New Emotet Campaign after 5 Months of Inactivity
After several months of inactivity, Emotet is back with a massive sending of reply-chain and payment emails, among others, that include malicious Word documents attachments aimed at users all over the world. Researcher Joseph Roosen stated that the Emotet botnet would be spewing forth massive amounts of spam, including malicious documents with updated URLs, commonly of compromised WordPress sites. Once the victim is infected, the malware would deploy further modules that steal the victim’s mail, spread to other computers, or use the infected computer to send spam.
Ransomware Incident against Blackbaud
Blackbaud, a software and cloud storage provider, has reported having suffered an unidentified ransomware incident. According to the company, last May actors performed an attack on its internal network with the aim of deploying ransomware. As a result, the security team managed to prevent the encryption of files belonging to Blackbaud by expelling the malicious actors from the network. However, prior to their locking cybercriminals out, these managed to steal the information of a small subset of customers, which have already been notified. Consequently, the attackers have already threatened to make the stolen information public unless a ransom is paid. The company has guaranteed that it will meet these demands and will pay for the deletion of the data. This incident adds to the current trend of double extortion that characterizes this type of attack, where not only is the information encrypted, but it is also stolen and a ransom is demanded, both to decrypt it and not to make the files public.
Exploit for RCE Vulnerability in SharePoint
Security researcher Steven Seeley has published details of how the critical vulnerability CVE-2020-1147 can be exploited in SharePoint to achieve remote code execution as a low-privileged user. In this case, Seeley has demonstrated how, by making use of DataSet objects, code execution can be achieved by using the “LosFormatter.Deserialize” method. To do so, a base64 payload must be generated. Once this has been done, this payload could be plugged into a specific DataSet and thus achieve remote code execution against the target SharePoint server. This method could be used against several applications built with .NET, so even if the user does not have a SharePoint Server installed, it could still be impacted by this bug.
Phishing Campaigns on Cloud Services
Check Point’s research team has published their research warning about the use of cloud services such as Google Cloud or Microsoft Azure for phishing campaigns. In January 2020, researchers detected a PDF document on Google Drive that included a link to a phishing page hosted on Google’s servers. In this incident, the threat actors spoofed a SharePoint login page requesting user or corporate credentials in order to exfiltrate the information. During all these stages, users do not suspect any malicious activity since the phishing page is hosted on Google Cloud Storage and the HTTPS encryption protocol is displayed. One way to identify these scams was to view the source code of the phishing page, because it could be identified that most of the resources were loaded from a website belonging to the malicious actors. However, more recent attacks reveal that threat actors have started using Google Cloud Functions, a service that allows the running of code in the cloud, thus obfuscating attackers’ malicious domains.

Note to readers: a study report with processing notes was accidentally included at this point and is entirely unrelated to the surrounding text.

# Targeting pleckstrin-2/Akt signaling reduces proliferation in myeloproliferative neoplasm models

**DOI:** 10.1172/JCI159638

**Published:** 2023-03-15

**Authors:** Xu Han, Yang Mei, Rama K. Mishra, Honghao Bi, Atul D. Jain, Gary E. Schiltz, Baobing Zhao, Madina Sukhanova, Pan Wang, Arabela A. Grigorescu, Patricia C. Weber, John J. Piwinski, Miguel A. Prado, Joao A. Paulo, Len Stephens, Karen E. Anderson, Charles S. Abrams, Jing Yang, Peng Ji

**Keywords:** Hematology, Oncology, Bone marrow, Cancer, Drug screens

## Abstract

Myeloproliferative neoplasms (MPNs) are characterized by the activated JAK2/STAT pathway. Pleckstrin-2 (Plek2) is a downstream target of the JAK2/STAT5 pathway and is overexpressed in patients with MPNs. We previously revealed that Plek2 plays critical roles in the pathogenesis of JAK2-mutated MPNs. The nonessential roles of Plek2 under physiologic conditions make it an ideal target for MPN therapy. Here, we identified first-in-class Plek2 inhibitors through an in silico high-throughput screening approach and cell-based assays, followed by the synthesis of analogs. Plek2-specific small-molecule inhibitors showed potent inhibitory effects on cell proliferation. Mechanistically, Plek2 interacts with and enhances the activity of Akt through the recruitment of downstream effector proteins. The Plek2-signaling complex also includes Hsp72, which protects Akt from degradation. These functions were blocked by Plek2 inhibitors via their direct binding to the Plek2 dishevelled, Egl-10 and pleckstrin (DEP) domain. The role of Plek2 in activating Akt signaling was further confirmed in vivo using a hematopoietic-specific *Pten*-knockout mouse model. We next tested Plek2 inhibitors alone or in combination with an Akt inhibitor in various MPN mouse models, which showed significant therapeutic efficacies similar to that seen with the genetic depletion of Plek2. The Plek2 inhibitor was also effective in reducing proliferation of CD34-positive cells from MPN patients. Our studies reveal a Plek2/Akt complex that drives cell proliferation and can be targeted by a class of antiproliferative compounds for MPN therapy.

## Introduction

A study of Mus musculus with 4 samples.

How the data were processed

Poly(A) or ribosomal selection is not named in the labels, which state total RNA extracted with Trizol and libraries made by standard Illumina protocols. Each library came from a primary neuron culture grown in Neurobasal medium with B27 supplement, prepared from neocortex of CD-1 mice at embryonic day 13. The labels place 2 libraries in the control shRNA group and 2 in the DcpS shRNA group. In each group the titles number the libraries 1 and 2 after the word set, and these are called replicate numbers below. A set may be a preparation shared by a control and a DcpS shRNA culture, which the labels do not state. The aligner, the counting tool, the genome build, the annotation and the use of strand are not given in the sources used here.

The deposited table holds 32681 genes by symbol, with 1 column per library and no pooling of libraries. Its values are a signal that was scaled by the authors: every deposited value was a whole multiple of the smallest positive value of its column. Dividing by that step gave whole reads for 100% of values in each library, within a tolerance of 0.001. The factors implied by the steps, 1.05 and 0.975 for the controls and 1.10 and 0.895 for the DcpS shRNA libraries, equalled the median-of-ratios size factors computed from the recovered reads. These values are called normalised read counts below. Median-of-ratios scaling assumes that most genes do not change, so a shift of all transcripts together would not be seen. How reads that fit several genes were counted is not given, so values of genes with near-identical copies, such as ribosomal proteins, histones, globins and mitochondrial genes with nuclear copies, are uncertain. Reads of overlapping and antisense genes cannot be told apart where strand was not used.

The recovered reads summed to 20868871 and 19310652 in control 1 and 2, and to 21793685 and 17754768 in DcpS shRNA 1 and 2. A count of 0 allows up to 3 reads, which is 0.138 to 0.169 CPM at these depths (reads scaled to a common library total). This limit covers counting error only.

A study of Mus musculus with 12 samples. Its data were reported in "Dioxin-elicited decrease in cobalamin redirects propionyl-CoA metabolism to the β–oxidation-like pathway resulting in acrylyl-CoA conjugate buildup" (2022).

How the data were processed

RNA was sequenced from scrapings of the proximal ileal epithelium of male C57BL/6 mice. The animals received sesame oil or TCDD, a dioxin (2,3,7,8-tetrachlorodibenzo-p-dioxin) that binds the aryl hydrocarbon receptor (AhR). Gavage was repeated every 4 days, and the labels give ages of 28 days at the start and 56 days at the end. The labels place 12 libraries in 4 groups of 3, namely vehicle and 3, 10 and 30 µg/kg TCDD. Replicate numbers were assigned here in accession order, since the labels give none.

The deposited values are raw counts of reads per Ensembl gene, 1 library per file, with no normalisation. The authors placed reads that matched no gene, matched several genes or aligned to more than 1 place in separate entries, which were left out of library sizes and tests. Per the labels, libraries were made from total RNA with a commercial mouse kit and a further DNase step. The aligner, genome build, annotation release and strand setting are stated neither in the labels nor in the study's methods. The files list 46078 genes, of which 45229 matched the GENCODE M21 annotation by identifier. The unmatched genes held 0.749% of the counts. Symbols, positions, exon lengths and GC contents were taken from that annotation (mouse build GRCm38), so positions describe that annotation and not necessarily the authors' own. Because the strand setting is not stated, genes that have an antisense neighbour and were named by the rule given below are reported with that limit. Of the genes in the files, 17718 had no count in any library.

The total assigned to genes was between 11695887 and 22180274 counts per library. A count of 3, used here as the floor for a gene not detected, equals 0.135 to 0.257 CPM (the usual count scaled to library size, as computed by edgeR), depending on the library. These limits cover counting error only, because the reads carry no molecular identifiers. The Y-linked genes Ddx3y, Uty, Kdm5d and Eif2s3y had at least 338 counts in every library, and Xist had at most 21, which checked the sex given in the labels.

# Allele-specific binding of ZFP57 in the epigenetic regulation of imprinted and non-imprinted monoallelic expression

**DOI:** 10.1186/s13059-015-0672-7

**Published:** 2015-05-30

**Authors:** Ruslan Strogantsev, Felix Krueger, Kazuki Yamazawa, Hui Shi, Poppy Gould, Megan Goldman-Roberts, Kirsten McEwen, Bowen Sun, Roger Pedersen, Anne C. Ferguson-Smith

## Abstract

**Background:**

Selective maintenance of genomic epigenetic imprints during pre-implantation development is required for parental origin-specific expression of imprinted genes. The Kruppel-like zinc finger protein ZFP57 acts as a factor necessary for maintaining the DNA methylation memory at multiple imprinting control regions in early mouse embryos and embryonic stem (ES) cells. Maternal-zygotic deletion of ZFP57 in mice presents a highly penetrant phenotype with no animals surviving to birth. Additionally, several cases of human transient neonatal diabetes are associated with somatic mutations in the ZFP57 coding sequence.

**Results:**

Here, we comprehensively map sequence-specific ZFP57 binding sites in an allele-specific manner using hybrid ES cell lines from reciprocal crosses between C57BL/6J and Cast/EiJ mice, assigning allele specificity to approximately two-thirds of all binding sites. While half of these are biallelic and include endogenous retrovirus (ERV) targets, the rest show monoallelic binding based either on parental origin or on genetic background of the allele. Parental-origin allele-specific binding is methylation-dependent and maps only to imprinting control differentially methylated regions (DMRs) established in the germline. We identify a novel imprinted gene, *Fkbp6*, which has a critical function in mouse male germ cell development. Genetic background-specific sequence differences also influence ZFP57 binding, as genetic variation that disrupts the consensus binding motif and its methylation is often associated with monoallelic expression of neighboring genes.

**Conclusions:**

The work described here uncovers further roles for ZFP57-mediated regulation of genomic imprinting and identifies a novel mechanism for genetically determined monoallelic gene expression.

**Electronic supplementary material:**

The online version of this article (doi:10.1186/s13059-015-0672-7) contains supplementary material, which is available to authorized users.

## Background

Emotet Botnet Is Spreading QakBot Malware
Cryptolaemus has reported that recently Emotet has started spreading QakBot malware. This campaign would use e-mails as attack vector for the spread of this malware obfuscated in malicious documents. It should be noted that in recent days the MalwareBytes team has warned of a new Emotet campaign after five months of inactivity, which has traditionally been linked to the distribution of another malicious tool named Trickbot. However, this new finding could show that there is a new trend regarding the distribution of Qakbot, as Cryptolaemus claims to have observed the absence of TrickBot in the most recent Emotet attacks. The researcher also indicated that there is a history of change in the distribution of malware, although this does not occur frequently. One such change was already observed last year, so it is considered likely that TrickBot will be used again in the future and resume its traditional attack methodology.